Since the beginning of the financial crisis, things have panned out in a somewhat strange way. First, the impact on the construction sector was a long time coming. There were many public sector projects already in progress, which was part of the government's problem at the time. They had continued to spend on major public sector projects at considerable rate, and all those major projects in the pipeline kept construction companies in work, though at a more relaxed rate until well after the labour government was unseated in a coalition of conservatives and liberal democrats, when there was no outright majority in the 2010 general election. The new government soon discovered that the adventurous public spending by the previous administration had all but exhausted the countries reserves, so a comprehensive public spending review soon put paid to many planned construction projects. As work for the construction sector finally dried up, new major projects were announced, and the tap of public sector investment was quickly turned on again, to try to avoid too many insolvencies and consequent redundancies. Thus, while there is not a lot of work about, the public sector investment programme has maintained a low level of work that seems to have provided a buffer. But the private sector has slowed significanctly, largely through the disappearance of capital markets. Once the full impact started to hit the construction sector, insolvencies were seen to rise much higher in the construction sector than in others, with a 20% increase in some quarters, compared with the previous year. But most of the time we seem to be seeing insolvencies running at about 10-15% higher than the previous year. Of course, these headline figures are increases, not the proportion of companies disappearing. Headline grabbers are great for creating disquiet. Normally, I would expect construction insolvencies to run at the same rate as all business sectors (contrary to popular belief). But construction insolvencies are always slightly higher in recessionary periods, as they are now. But, still,the vast majority of businesses are continuing to trade, although they would prefer to be busier.
Few developers can raise capital from banks, because the banks do not have any. Clearly, this is a very lean period for the construction sector. Construction workers are being laid off and a proportion of business are disappearing. Since most work is sub-contracted, the sector is very resilient. Those contractors and suppliers with workflow are now in an odd situation, becaue if they are making profits, there is a real problem in terms of what to do with their reserves. Contractors typically manage their projects so that there is a positive cash flow, ensuring that payments out are always some weeks behind payments received. Few people seem to notice that this means contractors do not need to invest in projects; their clients do. This positive cash flow means that contractors with projects have surplus cash to invest, typically in developments of their own. But in such an austere period, the markets into which they sell their own developments are somewhat moribund. Since this is often quite lucrative, times are hard. Moreover, trade contractors who design and manufacture the things that they install are reliant on investment in their processes, in a way that others in the sector may not be. And they are also hit with the double problem of very competitive pricing levels and nowhere to invest surpluses. Since the banks are not lending, there is not much happening in the private sector capital markets. So those with surpluses appear to be shepherding their money for now, to see them through continuing lean patches. What development there is, is relying on capital, rather than debt financing.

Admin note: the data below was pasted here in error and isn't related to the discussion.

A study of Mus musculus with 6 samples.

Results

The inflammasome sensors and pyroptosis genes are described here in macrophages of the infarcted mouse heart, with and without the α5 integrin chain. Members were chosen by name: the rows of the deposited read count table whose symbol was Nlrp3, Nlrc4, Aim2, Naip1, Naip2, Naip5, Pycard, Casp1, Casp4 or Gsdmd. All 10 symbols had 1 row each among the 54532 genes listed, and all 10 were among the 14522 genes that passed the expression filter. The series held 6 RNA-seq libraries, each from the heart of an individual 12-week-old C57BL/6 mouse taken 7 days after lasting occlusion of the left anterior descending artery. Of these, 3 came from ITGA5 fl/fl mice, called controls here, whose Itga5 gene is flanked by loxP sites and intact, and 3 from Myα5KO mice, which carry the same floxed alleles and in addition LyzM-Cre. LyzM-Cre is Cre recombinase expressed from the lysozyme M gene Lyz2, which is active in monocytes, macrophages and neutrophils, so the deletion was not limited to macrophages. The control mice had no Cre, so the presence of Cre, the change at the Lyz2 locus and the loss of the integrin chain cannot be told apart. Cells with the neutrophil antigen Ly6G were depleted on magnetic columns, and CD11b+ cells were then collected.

In the longer term, locally and globally, I feel that there is chance the construction sector might be able to finally move away from being a cash cow. If we are to make this into a 21st century business sector, it is essential that we abandon the Victorian business models and ideals that have served us so well throughout the 20th century. I sense that there is an opportunity for businesses to take more of a stake in the things that they are producing. If we can get contractors and trade contractors to invest in the things that they make, and take a greater proportion of their payment after completion, then we shall see greater incentives and rewards for innovative (and, perhaps, sustainable) products and practices. And what better time than now to enable large, successful companies to pump-prime their clients' developments with cash? Many more contractors are establishing capital arms to invest in their own and their clients' projects. This is interesting. If it continues, we could see the end of a business sector based on large volumes of cash being pumped around construction sites, and the growth of significant investment-driven construction companies which will be able to weather financial storms as successfully as any other business sector.
So, who knows what will happen? Even in this difficult time, there are great opportunities. One thing is for sure, as someone once said, "if you always do what you have always done, you'll always get what you've always got".